No, not "Big Daddy Cool"..... Weighing 375 pounds, Big Daddy was a top star in England during the 1970's and 1980's, where Margaret Thatcher and Queen Elizabeth were apparently fans of his. Big Daddy's famous Daddy Splash helped him capture the British Heavyweight Championship.
Wrestling has always been, by its very nature, a sport of giants.
Sure, there have been so-called "small" competitors that have made it to the very top of the business, but the mentality of most promoters is that fans want to see athletes that are physically than bigger them, either in weight or height (or both).
The mentality is simple: a wrestler who is humongous has a perceived advantage over someone the size of you or I. Whether that's true or not, the physical picture that a "big man" creates suggests that a regular sized wrestler may have to work harder just to be competitive.
For the purposes of this Top 50 list, we're going with wrestlers who were billed at 6"7 or higher. So that disqualifies the likes of Hulk Hogan, Barry Windham and others who are certainly above-average in height... just not quite tall enough to make the cut. We're also looking at those wrestlers who are billed at 330 pounds or higher. So, Dusty Rhodes, Mankind and others who have done quite well for themselves are a few pounds too light here. And yes.... we realize these billed heights and weights can sometimes be exaggerated.
In counting down the Top 50 Big Men, we looked at the following criteria:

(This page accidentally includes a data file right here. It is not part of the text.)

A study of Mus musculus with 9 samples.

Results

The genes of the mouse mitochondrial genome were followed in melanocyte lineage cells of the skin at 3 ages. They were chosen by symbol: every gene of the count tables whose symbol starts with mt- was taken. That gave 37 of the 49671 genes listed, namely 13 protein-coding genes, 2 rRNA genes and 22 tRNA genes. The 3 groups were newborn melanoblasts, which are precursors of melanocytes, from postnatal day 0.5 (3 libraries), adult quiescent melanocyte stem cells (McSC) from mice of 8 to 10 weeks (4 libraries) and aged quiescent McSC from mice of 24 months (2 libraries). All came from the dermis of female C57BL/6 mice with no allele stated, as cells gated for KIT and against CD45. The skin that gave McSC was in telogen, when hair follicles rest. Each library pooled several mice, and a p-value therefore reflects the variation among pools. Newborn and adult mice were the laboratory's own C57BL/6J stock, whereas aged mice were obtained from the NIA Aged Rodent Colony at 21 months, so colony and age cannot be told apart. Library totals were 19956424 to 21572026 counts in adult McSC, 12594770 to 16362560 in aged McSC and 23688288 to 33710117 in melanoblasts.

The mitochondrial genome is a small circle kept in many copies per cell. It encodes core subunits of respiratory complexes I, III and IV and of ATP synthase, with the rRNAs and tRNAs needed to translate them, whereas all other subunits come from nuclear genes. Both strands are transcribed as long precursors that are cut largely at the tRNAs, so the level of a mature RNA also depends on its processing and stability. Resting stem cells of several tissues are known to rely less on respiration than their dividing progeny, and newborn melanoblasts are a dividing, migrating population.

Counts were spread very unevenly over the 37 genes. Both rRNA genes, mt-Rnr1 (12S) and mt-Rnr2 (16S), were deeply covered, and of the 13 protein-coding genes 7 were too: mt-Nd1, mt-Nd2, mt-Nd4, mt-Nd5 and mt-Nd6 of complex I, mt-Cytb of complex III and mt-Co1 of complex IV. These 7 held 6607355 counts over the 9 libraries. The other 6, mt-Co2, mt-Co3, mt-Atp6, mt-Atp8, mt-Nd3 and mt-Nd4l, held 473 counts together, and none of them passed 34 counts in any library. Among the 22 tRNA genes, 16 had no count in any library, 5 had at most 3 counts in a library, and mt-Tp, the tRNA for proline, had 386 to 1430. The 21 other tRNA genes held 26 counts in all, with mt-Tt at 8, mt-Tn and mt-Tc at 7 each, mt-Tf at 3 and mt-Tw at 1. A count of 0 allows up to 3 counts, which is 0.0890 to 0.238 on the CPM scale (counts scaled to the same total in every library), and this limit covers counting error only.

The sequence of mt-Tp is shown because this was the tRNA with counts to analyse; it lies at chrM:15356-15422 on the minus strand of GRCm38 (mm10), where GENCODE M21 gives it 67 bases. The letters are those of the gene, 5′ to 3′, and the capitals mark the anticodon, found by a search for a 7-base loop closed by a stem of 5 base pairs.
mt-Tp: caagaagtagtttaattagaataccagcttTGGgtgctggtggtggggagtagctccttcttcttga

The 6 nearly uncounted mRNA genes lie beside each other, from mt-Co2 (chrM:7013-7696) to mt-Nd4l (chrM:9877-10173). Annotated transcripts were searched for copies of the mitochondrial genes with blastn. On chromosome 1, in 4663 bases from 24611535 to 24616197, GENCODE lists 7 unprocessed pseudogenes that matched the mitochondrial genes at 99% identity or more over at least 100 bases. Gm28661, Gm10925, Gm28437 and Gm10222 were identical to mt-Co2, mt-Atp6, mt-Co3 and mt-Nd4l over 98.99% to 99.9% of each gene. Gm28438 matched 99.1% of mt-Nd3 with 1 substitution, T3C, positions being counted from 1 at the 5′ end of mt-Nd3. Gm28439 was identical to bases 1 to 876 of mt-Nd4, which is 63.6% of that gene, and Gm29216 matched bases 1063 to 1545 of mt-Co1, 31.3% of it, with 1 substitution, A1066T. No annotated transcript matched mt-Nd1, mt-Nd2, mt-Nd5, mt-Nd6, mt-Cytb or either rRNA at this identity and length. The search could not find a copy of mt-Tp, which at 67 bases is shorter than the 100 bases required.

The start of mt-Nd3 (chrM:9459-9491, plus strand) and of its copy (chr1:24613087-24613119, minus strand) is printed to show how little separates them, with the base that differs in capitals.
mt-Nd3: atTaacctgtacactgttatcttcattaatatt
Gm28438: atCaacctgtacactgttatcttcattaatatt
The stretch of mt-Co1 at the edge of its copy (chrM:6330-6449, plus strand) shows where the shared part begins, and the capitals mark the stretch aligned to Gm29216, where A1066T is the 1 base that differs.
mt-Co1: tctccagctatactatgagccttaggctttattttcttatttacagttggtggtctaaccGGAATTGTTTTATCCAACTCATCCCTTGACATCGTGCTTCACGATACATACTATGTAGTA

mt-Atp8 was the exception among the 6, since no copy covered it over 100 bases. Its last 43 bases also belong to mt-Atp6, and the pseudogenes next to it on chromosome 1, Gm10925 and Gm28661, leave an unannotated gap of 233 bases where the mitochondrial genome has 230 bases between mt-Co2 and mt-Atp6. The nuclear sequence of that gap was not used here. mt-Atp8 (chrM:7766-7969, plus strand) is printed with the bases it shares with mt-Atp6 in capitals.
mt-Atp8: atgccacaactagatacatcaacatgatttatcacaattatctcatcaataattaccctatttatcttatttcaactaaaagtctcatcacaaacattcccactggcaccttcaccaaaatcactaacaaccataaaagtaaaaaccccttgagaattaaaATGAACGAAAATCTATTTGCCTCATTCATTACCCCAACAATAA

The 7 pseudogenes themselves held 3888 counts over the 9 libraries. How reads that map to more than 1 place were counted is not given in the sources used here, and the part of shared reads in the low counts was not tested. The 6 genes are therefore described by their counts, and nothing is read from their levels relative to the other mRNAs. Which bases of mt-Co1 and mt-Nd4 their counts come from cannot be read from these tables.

How prominent were they in the wrestling business?
Did they headline big events, sell tickets and pay-per-views?
Were they actually talented enough to participate in a basic wrestling match, or did they just stand there and look big?
How memorable are they today?
If you'd like to be a part of this conversation, Tweet us at @canadianbulldog using the hashtag #Top50, or leave a comment below.
Tipping the scales at 405 pounds, Jeep Swenson was a fixture in the World Class territory, where he once feuded with Bruiser Brody. Jeep was briefly in WCW as The Ultimate Solution, part of a group that challenged Hulk Hogan. But perhaps he was best known as Bane in the film Batman & Robin.
At 6"8 and 460 pounds, Akebono is best known among North American fans for having a random sumo match against The Big Show at WrestleMania XXI. But the former sumo star has since competed in All Japan, New Japan, Dragon Gate and Zero One, capturing a number of top titles.